Maximum distance from Arduino ports to sensors

I'am want to connect long-distance sensors with the Arduino, about 50 meters.
I have two options (sceneries): "A" and "B" to choose, especially the "B"

-> Scenario "A":
Arduino Uno connected to an on-off switch via digital port, diagram below:

The blue wire in the figure extends for about 50m.
Some questions:

  • Would a 2.5mm2 electrical conductor work well? Would it have to be a Cat5 cable?
  • In the Schematic I use PullDown, a 10K resistor would be suitable?
  • Would switching to PullUp make any difference?

-> Scenario "B":
Arduino Uno connected to an Ultrasonic sensor (SR04 or similar) via digital port, diagram below:

In this case, would a Cat5 cable work?

Thanks.

Schematic:

Hi, welcome to the forum.

You say "sensors", more than one.
You can not put sensors at a distance of 50 meters. You need a second Arduino board near the sensors.

For the switch in scenario "A", I would use a few mA via a optocoupler. The cable does not matter.
For safety and for noise, it is better if one wire is the GND wire.
Without optocoupler, a electric pulse from electrical equipment nearby, could destroy the Arduino board.

The scenario "B" is not possible. Normal digital signals can not go that far.

Koepel is correct for simple wiring.

However, you can easily get 50 meters or more from specialized shielded cables provided you understand how electrical interference (hum, noise, EMP) creates problems.

If you are insistent on doing this switching, refer to XLR (analog) low-signal "balanced" cabling and take notes on shield wiring.

https://stampsound.com/how-long-can-xlr-cables-be/

The current being switched is low, so inductance will be no problem but capacitance will force an upper limit on how quickly the switch can cycle.

Honestly, opto-isolators are the ideal way to be safe in this scenario.

Hi Koepel, thank you for the welcome.
Yes, I said "sensors", but it was in the context of both scenarios.
I had already thought about the solution to use 2 Arduinos and communicate them via ethernet, but I was hesitating. I thought there might be a simple and cost-effective way to increase the distance from the sensor to the port. Yep, I'm going to explore the optocoupler idea, also using a GND wire is a good tip. As scenario "B" is my main goal, it needs 2 devices anyway.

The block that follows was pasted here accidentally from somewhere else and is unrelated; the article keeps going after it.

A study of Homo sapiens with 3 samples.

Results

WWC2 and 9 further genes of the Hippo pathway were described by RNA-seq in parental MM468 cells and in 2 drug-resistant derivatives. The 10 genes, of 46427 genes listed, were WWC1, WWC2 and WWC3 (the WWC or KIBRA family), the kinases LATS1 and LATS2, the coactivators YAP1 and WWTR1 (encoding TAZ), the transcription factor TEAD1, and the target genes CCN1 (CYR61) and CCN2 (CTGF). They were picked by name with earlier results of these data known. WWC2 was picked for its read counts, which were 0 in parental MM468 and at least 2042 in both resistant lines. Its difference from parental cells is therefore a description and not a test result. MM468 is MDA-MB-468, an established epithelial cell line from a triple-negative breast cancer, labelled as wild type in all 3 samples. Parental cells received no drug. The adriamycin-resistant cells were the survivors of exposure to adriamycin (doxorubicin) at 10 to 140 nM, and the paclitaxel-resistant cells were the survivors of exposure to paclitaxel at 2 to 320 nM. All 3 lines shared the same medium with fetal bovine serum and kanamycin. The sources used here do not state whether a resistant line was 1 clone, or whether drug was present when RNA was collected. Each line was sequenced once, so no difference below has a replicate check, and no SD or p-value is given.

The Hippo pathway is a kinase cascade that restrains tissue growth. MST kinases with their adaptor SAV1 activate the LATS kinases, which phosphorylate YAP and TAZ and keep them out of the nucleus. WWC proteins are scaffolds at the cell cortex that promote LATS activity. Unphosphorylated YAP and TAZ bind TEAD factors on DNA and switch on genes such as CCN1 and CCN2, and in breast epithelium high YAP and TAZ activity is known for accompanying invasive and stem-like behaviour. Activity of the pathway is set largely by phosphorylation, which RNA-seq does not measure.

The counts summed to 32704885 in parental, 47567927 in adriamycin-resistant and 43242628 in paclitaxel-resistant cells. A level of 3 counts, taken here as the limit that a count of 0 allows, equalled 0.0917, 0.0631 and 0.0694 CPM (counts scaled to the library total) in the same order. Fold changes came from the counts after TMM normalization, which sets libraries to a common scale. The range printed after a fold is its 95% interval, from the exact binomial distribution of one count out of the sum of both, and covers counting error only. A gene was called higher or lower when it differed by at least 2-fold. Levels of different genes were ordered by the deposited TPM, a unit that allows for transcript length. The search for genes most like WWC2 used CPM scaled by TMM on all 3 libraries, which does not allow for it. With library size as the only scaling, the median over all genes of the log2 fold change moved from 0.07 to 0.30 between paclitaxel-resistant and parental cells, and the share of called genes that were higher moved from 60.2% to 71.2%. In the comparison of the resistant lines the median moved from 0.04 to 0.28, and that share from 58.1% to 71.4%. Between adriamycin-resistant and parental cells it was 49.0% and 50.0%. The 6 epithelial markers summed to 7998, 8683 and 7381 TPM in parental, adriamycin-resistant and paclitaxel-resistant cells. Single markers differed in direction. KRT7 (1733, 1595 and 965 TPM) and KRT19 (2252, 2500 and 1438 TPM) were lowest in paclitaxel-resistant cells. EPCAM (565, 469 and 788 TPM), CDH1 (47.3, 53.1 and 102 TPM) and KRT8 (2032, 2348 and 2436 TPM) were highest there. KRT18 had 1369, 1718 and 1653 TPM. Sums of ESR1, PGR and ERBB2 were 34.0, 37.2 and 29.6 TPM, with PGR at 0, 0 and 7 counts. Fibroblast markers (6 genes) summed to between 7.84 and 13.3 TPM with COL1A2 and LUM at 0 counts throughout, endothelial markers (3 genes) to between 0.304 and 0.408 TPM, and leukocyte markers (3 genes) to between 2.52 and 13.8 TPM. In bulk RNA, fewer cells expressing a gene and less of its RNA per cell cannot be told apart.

I would suggest scenario "A" with the following details:

  • use twisted wire. Could use Cat 5 and ground all the other wires at the arduino.
  • Add an opto isolator at the Arduino end.
  • heavily filter the input at the board.
  • use a lower resistance for R1, like 500 ohms.
  • put the switch to switch to ground not high

The opto may not be too useful if you must power the switch from the same Vin.

Hi mrburnette.
This type of cable is an option, it implements techniques like cancellation , I guess. It will probably should be a little expensive for 50m. I will need to evaluate the cost-benefit, but it is an effective solution, cool.

Hi JohnRob.
Using cat5 cable is a cheaper option and grounding the remaining wires in the cable will help.
I'm not electronics savvy, but the Vin question can be an issue. I believe that in this case another question would be the protection of the Arduino port.
If I use the optocoupler, I believe I need to provide another power source for the switch. Could using 24V be a better choice due to the distance?

2 ESP32's using ESPNOW wirelessly exchanging data.

I think the Vin can be protected going out to the switch.

I'm no the fence about the opto. I know it won't hurt but I'm not sure it will be of much help.

The key is to keep the resistances low to reduce pickup. I would consider using a SPDT switch and have the signal switch from Vin to ground. This would leave no open wires. Of course the protection resistors (and capacitors) would have to allow all three wires to be shorted together and not hurt anything.

Would the 24V be a 2nd source?
No I don't think there is a need for 24 unless it was isolated from the Vin.

Keep in mind you have a "slow" signal. Its not like an I2C or RS232 signal.

Hi Idahowalker.
Yep, this approach would replace the choice of the Ethernet. Its seem that the ESP-NOW range reach near 500m with internal antenna. Do you know if that's right?

It is definitely possible, but it is probably simpler and may be cheaper to use WiFi. This may apply even if you have to run a power supply to the sensors. The ESP-01 is made for this sort of thing and costs about $5 at most. If you go this route, you would be better off retiring the Uno in favour of a Node-MCU or the like.

I used the words "espnow range" in an internet search thingy to get a result set which relates to your question.

I'm sure the ESP route will be more interesting to work on. However assuming you don't have power at your 50M location you would still need to run a cable. At that point a switch is more cost effective and I would guess more reliable. I will admit however my NodeMCU was pretty solid when connected to my WiFi.

Oh.. You will still need a switch at the 50M location.

That's right. If the connection is adequate using ESP/Node will be presumably the best choice.

I have power on both sides, so make it easier. Then, I think it must be the best way in this case, since the cable could bend the distance (turns, contours).

Sounds good. Pls let us know how you make out.